The Right Words

For years, I’ve been screaming about rhyming poetry. Sometimes I make it a joke, and sometimes I hint that it’s very old fashioned.

What I’ve been neglecting is a section of my book that talks about poetry and words. It talks about finding the right word, not bland words or grandiose words, and I think it puts a proper perspective on rhyming poetry.

After all, because of its brevity, a poem’s every word holds that much more weight, and must be chosen with great care. Here are some tips to help you choose wisely:

  • Narrow your focus: Grandiose themes like ‘love’ and ‘injustice’ need to be pared down to manageable size. What sort of love, what kind of injustice?
  • Write around your theme: Is your poem about love? Then don’t use the word ‘love’ in your poem! (What a bland word it has become, after all . . .) Instead, describe the precise feeling, build a metaphor, write around the idea of love to get through to the core of what you’re trying to evoke.
  • Express ideas, not emotions: Poetry is more than a venting of feelings (that’s what a diary is for!). Put some intellectual distance between yourself and the subject matter of your poetry.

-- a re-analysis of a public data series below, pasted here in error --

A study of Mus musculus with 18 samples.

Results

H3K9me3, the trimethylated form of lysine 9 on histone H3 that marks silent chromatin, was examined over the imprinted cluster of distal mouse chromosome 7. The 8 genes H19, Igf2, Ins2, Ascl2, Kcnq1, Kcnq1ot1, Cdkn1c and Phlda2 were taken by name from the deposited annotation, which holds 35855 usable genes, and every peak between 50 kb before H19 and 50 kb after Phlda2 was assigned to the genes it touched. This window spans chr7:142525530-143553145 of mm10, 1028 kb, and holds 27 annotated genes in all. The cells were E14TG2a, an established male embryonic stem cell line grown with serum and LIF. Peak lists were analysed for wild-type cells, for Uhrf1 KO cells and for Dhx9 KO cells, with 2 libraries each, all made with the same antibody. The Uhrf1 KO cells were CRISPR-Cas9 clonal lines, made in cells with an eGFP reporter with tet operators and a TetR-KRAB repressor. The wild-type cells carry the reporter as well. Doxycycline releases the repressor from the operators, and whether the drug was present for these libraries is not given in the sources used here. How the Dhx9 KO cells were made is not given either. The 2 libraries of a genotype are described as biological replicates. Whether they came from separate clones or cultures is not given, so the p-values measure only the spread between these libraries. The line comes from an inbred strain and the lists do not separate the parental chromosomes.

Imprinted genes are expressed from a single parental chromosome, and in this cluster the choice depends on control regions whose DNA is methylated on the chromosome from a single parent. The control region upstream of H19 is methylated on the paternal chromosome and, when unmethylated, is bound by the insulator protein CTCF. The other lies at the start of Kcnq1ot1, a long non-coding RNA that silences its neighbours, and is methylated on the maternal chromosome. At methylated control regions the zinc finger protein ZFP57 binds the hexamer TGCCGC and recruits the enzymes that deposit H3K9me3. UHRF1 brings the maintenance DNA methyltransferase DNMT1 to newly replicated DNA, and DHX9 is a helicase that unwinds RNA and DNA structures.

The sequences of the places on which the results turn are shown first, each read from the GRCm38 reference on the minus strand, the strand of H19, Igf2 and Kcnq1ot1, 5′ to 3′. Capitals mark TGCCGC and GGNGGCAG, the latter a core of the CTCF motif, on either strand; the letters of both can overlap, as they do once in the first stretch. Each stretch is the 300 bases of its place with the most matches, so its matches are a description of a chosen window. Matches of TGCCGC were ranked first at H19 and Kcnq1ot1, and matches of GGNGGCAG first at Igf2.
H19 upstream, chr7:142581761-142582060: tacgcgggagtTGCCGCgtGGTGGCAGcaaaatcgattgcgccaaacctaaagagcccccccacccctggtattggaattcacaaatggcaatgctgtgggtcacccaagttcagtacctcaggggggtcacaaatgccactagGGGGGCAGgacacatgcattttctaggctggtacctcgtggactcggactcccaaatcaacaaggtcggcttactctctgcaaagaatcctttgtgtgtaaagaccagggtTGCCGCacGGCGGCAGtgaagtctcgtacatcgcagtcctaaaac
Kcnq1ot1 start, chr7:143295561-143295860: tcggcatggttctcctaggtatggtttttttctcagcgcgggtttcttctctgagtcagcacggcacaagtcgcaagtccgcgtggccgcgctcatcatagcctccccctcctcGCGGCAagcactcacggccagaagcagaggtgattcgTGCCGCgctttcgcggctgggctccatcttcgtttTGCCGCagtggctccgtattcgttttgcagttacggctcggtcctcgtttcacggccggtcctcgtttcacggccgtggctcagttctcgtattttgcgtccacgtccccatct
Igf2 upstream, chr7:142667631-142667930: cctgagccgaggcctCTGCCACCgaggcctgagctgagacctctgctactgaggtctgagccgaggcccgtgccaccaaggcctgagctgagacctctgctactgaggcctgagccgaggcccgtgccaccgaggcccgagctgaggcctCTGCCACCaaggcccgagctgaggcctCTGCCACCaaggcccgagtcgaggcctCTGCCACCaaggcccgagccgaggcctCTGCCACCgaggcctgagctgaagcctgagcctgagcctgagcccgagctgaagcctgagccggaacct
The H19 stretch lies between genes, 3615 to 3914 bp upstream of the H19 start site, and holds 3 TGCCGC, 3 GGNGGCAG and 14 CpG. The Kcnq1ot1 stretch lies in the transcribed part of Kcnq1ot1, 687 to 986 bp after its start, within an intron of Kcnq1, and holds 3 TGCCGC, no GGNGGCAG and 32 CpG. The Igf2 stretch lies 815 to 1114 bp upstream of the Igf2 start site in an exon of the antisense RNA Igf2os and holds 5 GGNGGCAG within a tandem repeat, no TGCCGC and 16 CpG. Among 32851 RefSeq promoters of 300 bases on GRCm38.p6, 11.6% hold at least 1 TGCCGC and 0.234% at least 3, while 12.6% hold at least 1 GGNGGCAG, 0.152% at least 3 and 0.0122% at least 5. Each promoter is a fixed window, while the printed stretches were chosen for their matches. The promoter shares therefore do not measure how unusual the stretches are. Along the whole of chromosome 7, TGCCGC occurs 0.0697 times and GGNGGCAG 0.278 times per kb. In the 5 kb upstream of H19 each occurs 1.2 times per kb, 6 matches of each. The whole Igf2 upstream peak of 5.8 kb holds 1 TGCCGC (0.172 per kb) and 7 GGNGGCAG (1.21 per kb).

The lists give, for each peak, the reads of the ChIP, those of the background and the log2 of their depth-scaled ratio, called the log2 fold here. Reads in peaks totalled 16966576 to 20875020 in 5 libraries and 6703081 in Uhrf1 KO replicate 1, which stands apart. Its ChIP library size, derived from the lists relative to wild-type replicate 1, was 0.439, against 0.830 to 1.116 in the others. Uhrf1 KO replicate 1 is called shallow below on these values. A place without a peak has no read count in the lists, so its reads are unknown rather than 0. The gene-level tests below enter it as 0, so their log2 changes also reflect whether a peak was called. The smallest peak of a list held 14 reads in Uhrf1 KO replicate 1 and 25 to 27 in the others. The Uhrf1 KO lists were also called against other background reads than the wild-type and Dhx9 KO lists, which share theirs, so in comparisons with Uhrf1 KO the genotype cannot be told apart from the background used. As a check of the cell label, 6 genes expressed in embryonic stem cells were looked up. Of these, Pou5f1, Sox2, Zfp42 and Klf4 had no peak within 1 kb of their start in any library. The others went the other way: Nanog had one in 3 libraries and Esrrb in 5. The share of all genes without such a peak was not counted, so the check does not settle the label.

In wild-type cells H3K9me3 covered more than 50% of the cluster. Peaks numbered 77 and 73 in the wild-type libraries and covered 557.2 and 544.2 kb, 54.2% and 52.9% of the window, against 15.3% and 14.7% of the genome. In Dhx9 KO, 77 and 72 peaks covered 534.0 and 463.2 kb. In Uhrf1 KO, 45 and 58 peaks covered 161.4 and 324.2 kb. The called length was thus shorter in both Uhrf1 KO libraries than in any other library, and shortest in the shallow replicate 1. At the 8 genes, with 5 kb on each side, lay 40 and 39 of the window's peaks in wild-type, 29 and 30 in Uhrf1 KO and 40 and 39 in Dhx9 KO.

• Ditch the Rhymes: Don’t rhyme for the sake of rhyming. New poets tend to think they can get away with less-than-perfect rhymes, and/or rhymes divorced from meter. Not so! Stick to free verse unless you’re prepared to work very hard at mastering formal poetry.
  • Edit your poems: Poetry too must undergo many revisions in order to shine. Don’t be afraid of scrapping whole verses, or cutting everything down to a few good lines and rebuilding — this is a necessary part of the process of producing great poetry.

 In general, writing poetry is a matter of compressing language to what is most essential. Limit the number of articles and other fillers. Use adjectives sparingly, because overuse can become jarring to the reader. When in doubt, cut it out.

Poetry is not chopped prose, so try to avoid ‘telling’ a story as much as showing the reader just enough information for the story to solidify in his or her mind. A lot of poetry is very subjective and emotional by nature- do not fear using stronger language or more intense imagery in order to get your point across to the reader. What will ultimately sell your poem is a strong ‘voice’- that point of view that separates your work from anyone else’s.